WASHINGTON – As the newly elected members of Congress were learning the ins and outs of Capitol Hill at orientation, House Democratic leader Nancy Pelosi said Thursday the top priorities when her party takes control of the House will be protection of voting rights, strengthening ethics in government, and improving fairness in drawing congressional districts.

Speaking at a news conference, Pelosi called the new freshman class one of the most transformative groups to enter Congress since the “Watergate babies” in 1974.

Questioned on whether she has the 218 votes needed to be elected speaker of the House, Pelosi said she already has them.

A reporter referred to a letter, allegedly signed by 17 House members, stating they would not support her. Pelosi shot back, “Have you seen the letter?” The reporter said he had not. She nodded her head.

One reporter asked if Pelosi thought anybody else was qualified to be leader and another asked whether she would accept Republican help to get the votes she needed to win. Pelosi’s answers were “Yes” and “Oh, please.”

Pelosi called the diverse group of Democrats just elected cause for celebration, not just for the Democratic Party, but for the American people. She reported that she has received many messages from the public stating, “Thank you for saving America.”

Pelosi credited grass roots organizers for their effectiveness in getting out the vote and thanked the candidates for having the “courage to run” and “the stamina to win.”

The number of new Democrats elected is close to 60, with approximately 40 seats shifting a Republican district to Democratic.

“Winning 23 seats in a voter-suppressed, gerrymandered map was a wave,” she said, but winning up to 40 seats “was a tsunami.”

Half of the 60 Democratic representatives are women, while there is only one on the Republican side. “Happy for that person, but sad to say, just one,” Pelosi said.

She said the new Democrats were elected on a “for the people” agenda.

“For the people we will lower health care costs, we will grow the paychecks and we will bring integrity to government,” Pelosi said.

She said voters had made clear the issues that mattered to them.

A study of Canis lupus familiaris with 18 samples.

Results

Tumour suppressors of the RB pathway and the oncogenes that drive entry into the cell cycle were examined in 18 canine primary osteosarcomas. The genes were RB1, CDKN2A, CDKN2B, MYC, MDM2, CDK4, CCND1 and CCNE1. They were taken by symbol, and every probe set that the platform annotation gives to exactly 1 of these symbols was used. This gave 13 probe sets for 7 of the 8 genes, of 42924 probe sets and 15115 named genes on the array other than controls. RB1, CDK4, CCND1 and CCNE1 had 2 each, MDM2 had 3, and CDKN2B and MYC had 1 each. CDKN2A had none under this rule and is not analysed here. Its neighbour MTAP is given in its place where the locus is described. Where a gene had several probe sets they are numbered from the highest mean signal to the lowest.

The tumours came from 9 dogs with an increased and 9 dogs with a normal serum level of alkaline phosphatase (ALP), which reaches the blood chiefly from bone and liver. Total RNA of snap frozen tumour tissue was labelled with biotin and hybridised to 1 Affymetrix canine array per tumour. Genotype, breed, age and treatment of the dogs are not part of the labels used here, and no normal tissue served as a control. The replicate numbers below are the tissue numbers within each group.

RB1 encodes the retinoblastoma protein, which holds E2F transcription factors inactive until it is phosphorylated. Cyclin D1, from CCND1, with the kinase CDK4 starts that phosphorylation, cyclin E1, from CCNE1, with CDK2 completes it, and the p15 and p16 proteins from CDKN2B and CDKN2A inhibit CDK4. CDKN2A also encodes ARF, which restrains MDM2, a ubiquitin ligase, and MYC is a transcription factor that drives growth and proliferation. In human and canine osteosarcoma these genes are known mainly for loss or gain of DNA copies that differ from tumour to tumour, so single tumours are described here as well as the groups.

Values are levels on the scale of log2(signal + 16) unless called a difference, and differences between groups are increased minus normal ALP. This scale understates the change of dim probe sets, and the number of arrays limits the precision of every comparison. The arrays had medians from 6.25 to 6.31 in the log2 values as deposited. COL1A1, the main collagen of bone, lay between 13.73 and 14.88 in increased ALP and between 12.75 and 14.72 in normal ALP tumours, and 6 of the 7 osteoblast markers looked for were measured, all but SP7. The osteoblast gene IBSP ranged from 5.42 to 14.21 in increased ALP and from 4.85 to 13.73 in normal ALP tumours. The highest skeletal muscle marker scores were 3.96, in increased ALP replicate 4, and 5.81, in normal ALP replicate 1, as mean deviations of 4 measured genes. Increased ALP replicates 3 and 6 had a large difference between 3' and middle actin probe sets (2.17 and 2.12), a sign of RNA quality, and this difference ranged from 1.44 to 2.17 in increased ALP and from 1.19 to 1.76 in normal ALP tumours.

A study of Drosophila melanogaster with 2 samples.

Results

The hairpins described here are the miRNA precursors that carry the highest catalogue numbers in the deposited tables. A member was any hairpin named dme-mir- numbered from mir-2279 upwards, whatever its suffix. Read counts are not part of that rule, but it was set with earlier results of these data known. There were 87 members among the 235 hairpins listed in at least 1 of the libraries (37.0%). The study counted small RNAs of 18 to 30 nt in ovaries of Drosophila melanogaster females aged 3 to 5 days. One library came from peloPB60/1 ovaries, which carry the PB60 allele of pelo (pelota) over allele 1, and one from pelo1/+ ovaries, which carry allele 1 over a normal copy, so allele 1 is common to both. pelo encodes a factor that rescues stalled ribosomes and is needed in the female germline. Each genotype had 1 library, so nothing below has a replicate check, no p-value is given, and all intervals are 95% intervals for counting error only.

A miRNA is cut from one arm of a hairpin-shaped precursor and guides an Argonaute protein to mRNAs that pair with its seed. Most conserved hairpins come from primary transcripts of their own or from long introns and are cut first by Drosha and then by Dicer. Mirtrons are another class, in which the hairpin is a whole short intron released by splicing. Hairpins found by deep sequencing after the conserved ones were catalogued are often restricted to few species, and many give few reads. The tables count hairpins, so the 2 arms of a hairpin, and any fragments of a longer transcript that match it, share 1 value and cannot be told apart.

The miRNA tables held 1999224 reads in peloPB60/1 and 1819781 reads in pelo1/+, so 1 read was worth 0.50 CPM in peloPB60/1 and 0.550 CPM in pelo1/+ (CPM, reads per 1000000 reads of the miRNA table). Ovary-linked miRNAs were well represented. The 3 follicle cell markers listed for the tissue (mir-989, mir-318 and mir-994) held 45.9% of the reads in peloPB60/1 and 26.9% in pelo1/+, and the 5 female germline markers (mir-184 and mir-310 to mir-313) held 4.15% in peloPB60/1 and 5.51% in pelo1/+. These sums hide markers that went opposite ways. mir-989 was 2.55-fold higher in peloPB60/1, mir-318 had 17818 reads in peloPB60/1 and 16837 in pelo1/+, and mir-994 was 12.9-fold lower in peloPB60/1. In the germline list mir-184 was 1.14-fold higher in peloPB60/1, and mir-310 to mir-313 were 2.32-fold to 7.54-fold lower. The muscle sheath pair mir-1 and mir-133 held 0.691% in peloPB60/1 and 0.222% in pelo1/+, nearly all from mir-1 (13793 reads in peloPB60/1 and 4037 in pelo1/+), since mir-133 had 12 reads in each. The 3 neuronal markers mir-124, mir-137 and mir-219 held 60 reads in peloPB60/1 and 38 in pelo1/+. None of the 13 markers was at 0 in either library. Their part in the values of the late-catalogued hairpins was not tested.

“Health care, health care, health care, like a jackhammer, that’s what is important,” she said.

The first bill of the new Congress, HR1, will focus on voting rights and ethics. It would create nationwide automatic voter registration, undo changes to the Voting Rights Act that were the result of a 2013 Supreme Court decision, stop gerrymandering by creating independent redistricting commissions. HR1 would overturn Citizens United and mandate disclosure of political contributions. It would extend conflict of interest ethics rules to the president and require presidential candidates to disclose their tax returns.

The bill is unlikely to be passed in the Republican controlled Senate or signed by the president.

Pelosi said the new Congress would also “defend protections for people with pre-existing conditions, lower drug costs, protect Social Security, Medicare and Medicaid by taking them off the chopping block, and increase worker’s wages by building the infrastructure of America, and all that that implies, in the greenest possible way.”

She promised that Democrats will show respect for the people who sent members of the Republican Party to Washington.

But she was less bipartisan toward President Donald Trump.

Trump, she said, is engaged in an “all-out campaign to obstruct the Mueller investigation.” She accused the president of installing Matthew Whitaker as acting attorney general for the purpose of ending the investigation. She claimed there was bipartisan consensus that Whitaker’s appointment violated the Appointments Clause of the Constitution.

House Democrats will demand language be included in the omnibus spending bill protecting Special Counsel Robert Mueller from being fired without cause, and requiring that a three-judge appeal panel be provided in the event of termination, she said. Furthermore, the special counsel could only be removed by a Senate-approved attorney general, and all documentation of the investigation should be preserved and released to the public.